Finals ‘schedule’ is flexible for distance learning

Schedule should accommodate to needs


Aisha Hersi

With nerve-wracking multiple-choice tests equipped with everything we learned from semester one now gone, a new way of having finals has come in its place. I had never expected to be creating slideshows, screencasts and drawings for my 10th-grade finals. 

Now that distance learning has taken an impact on the preparation of finals, it’s only normal for teachers to decide on doing their own thing. Last year in English class, we did an in-class essay for our finals. However, This year we’re doing a personalized project on one of our most recent books. This subtle, yet indefinite change is a clear example of how teachers are not only doing their own thing, but adapting to the change due to distance learning which is most needed at this time. 

Another thing to take into account is the time schedule of these finals. I believe if we were back in school, everything would be taken during the same week with schedules to adhere to that. Despite that, I have what feels like “finals” all month long. I was introduced to most final projects even before winter break and got extra time to prepare. The only finalized date is the deadline. I consider this very beneficial because it lessens the anxiety of completing it all in one day. Up until the due date, we get that time to prepare, work and ask questions.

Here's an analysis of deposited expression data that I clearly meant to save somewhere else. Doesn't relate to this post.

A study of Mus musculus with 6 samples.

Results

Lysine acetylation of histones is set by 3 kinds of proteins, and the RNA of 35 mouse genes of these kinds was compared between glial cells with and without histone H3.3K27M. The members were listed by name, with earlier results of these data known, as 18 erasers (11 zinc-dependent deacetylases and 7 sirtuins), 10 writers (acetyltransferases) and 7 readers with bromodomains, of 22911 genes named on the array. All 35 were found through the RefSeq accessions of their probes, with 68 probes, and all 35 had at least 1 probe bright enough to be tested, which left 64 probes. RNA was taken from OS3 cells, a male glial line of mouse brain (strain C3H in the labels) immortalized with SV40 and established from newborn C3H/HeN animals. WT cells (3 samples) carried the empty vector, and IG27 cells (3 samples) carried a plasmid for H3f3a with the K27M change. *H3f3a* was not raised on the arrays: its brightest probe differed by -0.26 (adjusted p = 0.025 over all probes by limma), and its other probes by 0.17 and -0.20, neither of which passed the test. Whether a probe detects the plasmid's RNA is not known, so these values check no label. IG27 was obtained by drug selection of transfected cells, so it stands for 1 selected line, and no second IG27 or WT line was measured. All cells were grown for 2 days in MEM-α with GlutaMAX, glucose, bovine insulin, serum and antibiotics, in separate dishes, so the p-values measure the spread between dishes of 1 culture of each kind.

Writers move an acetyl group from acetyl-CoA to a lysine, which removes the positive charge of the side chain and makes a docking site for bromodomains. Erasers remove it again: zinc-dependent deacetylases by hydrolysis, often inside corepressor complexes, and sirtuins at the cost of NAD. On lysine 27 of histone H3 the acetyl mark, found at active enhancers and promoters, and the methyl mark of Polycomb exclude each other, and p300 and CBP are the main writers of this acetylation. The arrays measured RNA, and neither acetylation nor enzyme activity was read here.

Finals are the most important thing when it comes to calculating your final grade. This may be another reason why there is no unfinalized schedule. Perhaps the teacher wants students to move at their own pace, and fully understand the curriculum before giving out something worth 40% of your grade. If teachers were to do that, then a finalized schedule should be given.   

This decision raises questions for future final schedules. Will semester two be the same? Despite the outcome, teachers should be focused on accommodating students’ needs when creating a finals schedule next semester.